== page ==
The new Mexican produce branding entity Eleven Rivers is gearing up for the
launch of product, which it expects to occur in early January.
Brand representative Fernando Mariscal said the operation will not be rushed
into branding product before it makes sense so that start date could be fluid.
Eleven Rivers is a new branding concept that was launched during the
Produce Marketing Association convention in Florida in October.
Mr. Mariscal said the concept behind the idea is to create an additional brand,
or mark, on Mexican fruits and vegetables that identifies it as reaching a
higher standard of excellence with regard to quality and food safety.
He said the idea dates back a couple of years when virtually all vegetable
grower-shippers in Sinaloa, Mexico, began assessing themselves a per
package fee, through their local association, CAADES, for the purpose of
improving their food-safety standards. Mr. Mariscal said Eleven Rivers is a
private business venture, but it is being launched in concert with CAADES, and
initially using the funds that were collected by that association.
"The growers know that even though they all paid into the fund, initially the
brand will only be used by the very best groups," he said.
Mr. Mariscal said Eleven Rivers is currently working with many different
grower-shipper groups in Sinaloa to qualify them for the use of the brand.
“Right now we have three levels of participation. There are about 20 groups
that we are closely working with and about 18 of them are operating at a level
where they would achieve certification. A couple of others are moving in that
direction. And then we have many others who want to be involved, but they
are not at the level that will allow them to be certified.”
The Eleven Rivers representative explained that the organization is currently
working with both U.S. and Mexican officials to create some type of official
certification program that recognizes the increased quality and food-safety
standards that the “Eleven Rivers” brand will denote. He said Mexican officials
are poised to cooperate, but the discussions with U.S. officials are ongoing.
Mr. Mariscal said that the goal of Eleven Rivers is to have exclusive use of the
official certification designation for at least one year. After that, Eleven Rivers
has proposed that the certification could be expanded to other groups not
affiliated with the organization. Initially, he said that the exclusivity would
give Eleven Rivers a marketing advantage, which he believes is justified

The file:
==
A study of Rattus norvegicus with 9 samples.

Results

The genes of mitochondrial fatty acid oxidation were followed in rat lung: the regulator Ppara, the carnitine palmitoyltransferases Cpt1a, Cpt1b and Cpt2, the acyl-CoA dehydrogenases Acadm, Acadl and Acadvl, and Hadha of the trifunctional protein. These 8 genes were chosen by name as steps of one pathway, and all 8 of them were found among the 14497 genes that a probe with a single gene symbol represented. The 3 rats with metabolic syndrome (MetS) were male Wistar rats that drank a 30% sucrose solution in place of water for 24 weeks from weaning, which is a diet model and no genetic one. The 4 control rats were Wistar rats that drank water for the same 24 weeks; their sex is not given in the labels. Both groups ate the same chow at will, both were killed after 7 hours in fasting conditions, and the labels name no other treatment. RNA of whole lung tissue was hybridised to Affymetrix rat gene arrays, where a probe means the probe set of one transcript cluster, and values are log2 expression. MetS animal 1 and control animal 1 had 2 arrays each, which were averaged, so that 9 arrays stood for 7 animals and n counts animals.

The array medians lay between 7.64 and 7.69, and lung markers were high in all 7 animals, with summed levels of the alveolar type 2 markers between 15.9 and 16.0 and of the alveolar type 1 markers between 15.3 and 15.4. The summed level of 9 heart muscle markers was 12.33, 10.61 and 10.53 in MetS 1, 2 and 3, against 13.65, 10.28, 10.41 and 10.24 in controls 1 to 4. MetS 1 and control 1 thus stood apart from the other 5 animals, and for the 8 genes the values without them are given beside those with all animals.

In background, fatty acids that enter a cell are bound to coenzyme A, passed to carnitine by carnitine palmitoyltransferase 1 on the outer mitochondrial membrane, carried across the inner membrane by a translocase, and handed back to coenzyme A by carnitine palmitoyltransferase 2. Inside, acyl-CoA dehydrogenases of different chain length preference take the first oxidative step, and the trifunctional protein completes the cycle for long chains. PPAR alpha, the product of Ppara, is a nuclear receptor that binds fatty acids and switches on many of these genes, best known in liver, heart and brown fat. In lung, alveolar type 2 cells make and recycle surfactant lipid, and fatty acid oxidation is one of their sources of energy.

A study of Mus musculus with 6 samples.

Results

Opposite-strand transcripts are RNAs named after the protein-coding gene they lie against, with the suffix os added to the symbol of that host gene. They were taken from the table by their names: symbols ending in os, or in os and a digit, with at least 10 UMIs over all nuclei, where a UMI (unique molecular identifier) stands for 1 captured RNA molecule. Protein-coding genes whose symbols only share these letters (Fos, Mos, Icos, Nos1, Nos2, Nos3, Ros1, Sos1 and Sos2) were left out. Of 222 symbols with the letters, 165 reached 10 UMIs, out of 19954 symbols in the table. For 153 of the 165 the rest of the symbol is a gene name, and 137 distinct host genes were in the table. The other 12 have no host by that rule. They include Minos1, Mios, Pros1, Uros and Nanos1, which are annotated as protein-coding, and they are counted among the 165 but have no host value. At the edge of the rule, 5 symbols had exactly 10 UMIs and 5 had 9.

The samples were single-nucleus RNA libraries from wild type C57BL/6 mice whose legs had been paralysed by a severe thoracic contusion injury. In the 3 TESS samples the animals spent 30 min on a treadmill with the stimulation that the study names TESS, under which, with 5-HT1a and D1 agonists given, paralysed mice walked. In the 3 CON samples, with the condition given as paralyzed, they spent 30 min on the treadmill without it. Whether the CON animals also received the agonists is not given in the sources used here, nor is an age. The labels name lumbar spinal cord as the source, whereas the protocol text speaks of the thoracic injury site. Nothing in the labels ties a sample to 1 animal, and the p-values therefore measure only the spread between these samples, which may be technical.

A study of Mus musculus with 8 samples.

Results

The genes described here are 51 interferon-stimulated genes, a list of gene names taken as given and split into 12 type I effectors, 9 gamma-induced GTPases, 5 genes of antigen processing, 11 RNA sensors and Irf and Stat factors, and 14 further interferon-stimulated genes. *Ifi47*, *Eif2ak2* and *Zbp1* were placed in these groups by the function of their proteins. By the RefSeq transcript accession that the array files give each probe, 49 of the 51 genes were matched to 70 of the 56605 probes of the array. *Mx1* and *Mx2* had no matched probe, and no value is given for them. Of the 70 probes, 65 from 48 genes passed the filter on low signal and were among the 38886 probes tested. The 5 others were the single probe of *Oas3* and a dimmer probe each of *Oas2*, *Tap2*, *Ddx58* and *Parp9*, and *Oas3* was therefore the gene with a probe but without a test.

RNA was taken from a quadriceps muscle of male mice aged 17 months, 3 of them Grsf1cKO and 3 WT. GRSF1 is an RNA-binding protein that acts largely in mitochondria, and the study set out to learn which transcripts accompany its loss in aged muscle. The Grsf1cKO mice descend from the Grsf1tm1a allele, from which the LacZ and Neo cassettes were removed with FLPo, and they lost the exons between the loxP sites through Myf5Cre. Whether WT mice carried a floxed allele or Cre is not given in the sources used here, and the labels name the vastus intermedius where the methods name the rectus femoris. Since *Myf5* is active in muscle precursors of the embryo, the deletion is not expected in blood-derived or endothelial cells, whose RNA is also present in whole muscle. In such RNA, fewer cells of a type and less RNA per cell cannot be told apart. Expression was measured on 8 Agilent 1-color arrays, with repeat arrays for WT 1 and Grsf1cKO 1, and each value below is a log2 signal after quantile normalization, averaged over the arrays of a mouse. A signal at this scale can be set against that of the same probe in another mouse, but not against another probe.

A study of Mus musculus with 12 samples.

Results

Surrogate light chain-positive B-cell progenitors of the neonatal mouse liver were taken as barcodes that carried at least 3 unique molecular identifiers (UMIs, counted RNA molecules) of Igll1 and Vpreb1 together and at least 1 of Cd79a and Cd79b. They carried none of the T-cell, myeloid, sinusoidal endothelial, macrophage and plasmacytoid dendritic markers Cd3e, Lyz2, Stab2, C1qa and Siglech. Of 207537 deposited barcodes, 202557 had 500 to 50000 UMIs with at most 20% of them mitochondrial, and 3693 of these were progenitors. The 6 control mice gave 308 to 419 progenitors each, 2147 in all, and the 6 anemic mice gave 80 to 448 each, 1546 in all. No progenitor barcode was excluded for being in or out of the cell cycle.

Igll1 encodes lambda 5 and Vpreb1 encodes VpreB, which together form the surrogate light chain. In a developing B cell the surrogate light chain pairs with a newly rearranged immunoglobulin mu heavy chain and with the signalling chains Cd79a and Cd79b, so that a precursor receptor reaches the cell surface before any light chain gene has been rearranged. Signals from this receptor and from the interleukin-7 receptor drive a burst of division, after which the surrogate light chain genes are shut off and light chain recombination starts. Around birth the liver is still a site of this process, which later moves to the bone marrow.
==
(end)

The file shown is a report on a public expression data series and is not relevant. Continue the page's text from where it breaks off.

because it is the trailblazers of this concept. He also admitted that securing
exclusivity is a difficult task. But just as quickly, Mr. Mariscal said independent
certification of the standards that “Eleven Rivers” product is adhering to is key
to the success of the program, and the brand will not be launched until this is
As a practical matter, the Eleven Rivers brand label is an additional
designation that will be put on the carton next to the firm's current trade
label. “Eleven Rivers” is a brand and a marketing concept not a sales
organization. The product itself will continue to be sold and shipped through
its regular channels. “This is very important,” said Mr. Mariscal.
He added that the U.S.-based distributors in Nogales, AZ, as well as California
and Texas, will continue to play the same role they play today. “We are not
changing the structure of the industry,” he said. “We are committed to using
the same distribution system that is currently in place. That’s not going to
Once the program gets underway, Mr. Mariscal said that about 15-22 percent
of the Mexican product sold in the United States will carry the “Eleven Rivers”
designation. Over time, he anticipates that volume growing and being
extended to other areas. To be successful, he believes it needs to be a year-
round program. Again, he said the Sinaloa grower-shippers who have paid
for the launch of this understand that it will have to be expanded to other
areas. As an ongoing venture, Mr. Mariscal said there will be fees associated
with using the “Eleven Rivers” label but he did not want to get involved in that
aspect of the program at the current time. “We don’t have to worry about that
right now. We have the funds to launch this program and we have hired four
U.S. agencies. The people in Sinaloa know that they have all funded this, but
in the beginning, very few will take the first step.”